Medical roundup

  • Telemedicine has become a crucial tool during the crisis. 2017 paper discusses the regulatory barriers that had constrained it [Shirley Svorny, Cato Policy Analysis; earlier here, here, and here]
  • “Wondered why it’s been so hard to ramp up production of surgical masks and respirators? Why haven’t private companies flooded into the market to meet peak demand? Because they are regulated medical devices and new versions require FDA approval which can take months to obtain.” [Paul Matzko thread on Twitter]
  • Asking former health care workers to “dust off their scrubs” and return for the emergency raises possible liability exposures [Lori Rosen Semlies, Wilson Elser] “Coronavirus could affect med mal rates: Experts” [Judy Greenwald, Business Insurance]
  • A closer look at certificate of need laws, which suppress hospital bed supply [Eric Boehm, related audio clip with Jeffrey Singer, earlier and more]
  • More on the relaxation of occupational licensure in medical jobs during the emergency [Michael Abramowicz, Jeffrey Singer, earlier]
  • Return with us now to those days not so long ago when public health specialists seemed to be in the paper every day inveighing against alcohol, dietary choices, and such like [Elaine Ruth Fletcher, Health Policy Watch last year on World Health Organization (WHO) rumblings against alcohol; JAMA on furious fight over red-meat recommendations]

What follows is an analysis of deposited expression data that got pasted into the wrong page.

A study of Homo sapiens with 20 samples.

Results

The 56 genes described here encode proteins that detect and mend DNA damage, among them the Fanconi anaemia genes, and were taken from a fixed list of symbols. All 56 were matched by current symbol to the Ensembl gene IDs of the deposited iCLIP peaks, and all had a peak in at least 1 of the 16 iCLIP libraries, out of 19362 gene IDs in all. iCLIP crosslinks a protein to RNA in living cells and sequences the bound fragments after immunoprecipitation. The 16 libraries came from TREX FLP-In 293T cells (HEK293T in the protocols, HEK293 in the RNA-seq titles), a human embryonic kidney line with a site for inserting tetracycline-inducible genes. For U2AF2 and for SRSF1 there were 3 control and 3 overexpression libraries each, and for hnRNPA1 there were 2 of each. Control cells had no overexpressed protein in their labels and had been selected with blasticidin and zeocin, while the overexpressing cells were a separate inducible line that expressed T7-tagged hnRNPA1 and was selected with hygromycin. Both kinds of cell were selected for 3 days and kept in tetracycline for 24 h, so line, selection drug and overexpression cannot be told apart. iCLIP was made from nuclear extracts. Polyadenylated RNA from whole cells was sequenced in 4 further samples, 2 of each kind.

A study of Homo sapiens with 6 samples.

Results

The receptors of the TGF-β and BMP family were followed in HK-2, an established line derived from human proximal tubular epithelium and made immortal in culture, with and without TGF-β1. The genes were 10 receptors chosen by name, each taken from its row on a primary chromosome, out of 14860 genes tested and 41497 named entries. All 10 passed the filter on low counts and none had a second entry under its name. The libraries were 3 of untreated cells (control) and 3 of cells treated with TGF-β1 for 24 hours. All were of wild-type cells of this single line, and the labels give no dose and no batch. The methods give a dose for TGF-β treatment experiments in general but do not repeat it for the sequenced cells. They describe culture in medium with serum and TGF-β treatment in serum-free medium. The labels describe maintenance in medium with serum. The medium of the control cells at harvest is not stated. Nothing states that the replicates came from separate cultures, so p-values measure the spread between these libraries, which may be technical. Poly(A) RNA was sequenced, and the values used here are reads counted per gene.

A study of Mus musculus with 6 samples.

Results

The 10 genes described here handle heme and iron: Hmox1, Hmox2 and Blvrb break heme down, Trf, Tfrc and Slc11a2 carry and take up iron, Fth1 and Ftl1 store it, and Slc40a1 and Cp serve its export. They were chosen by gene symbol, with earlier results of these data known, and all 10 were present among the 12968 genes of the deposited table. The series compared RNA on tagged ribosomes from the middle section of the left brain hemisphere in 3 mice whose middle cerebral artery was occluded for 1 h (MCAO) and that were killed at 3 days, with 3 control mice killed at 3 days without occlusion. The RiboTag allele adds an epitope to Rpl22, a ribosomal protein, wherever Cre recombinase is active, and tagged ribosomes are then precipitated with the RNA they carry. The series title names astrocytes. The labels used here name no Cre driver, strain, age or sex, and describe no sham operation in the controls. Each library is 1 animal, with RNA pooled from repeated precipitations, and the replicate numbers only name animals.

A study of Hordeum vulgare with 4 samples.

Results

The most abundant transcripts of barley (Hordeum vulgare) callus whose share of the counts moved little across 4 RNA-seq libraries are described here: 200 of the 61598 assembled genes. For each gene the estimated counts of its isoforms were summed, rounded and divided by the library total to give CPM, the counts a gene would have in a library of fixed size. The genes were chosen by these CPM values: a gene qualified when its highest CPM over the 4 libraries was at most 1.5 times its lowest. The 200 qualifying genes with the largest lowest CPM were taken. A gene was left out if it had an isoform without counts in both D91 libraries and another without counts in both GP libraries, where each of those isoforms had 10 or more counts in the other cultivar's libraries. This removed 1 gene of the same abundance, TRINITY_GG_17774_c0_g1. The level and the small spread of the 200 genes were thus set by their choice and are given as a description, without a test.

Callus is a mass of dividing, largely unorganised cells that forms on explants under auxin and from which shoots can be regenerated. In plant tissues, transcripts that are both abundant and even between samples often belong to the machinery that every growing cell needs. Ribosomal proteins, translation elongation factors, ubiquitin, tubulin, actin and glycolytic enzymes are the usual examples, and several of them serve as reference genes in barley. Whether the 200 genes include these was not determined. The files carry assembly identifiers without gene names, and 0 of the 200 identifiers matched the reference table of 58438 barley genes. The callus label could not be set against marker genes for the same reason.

• Regarding liability, I can imagine the tort lawyers having a field day with this one. “If you or a loved one died from Covid19, call us, we’ll sue!!”

  • Makes one wish for the days when ads for attorneys were not allowed—and cigarette ads were allowed…

  • Related issue: There is an excellent article and discussion on Volokh Conspiracy on the appropriate standard of care when confronting a pandemic, Hospital Liability for Ventilator Shortages.

    Along those lines was a question to President Trump yesterday on whether he could guarantee that everyone who needed a ventilator would have one. The unasked, but an obvious related question is that if the requests of one place, experiencing peak demand and anticipating that the peak has not yet been reached, are met so the requesting state can put ventilators and other emergency medical supplies and equipment into storage for use should the peak continue to climb, but, for that reason, a state which starts to see a growth in infections and hospitalizations so that it is heading toward a peak which will overwhelm its resources and so requests emergency medical supplies and equipment but those are now available because of satisfying the earlier request, can there be liability because such supplies and equipment are not available?

    Ventilators is a good example to use. Previously, the average annual demand for them in the US was around 39,000. A few years ago, New York had to opportunity to purchase around 16,000 (or around 40% of the average annual demand), but decided not to, and used the money for other purposes. At the time, that looked to be a prudent decision. With hind sight, not so much. Production is being rapidly ramped up, and alternatives are being proposed. It is expected that the production this year will exceed 100,000. Plus, stores of old ventilators are being refurbished. CPAP machines are being repurposed for people needing oxygen but not intubation. And, MIT has received FDA approval of its design for a manually operated ventilator (which could be used in EMS units and to replace ventilators used in teaching, freeing those machines, and, as an emergency standby in event of power failure). Under these types of facts, establishing a standard of care will be a complex exercise.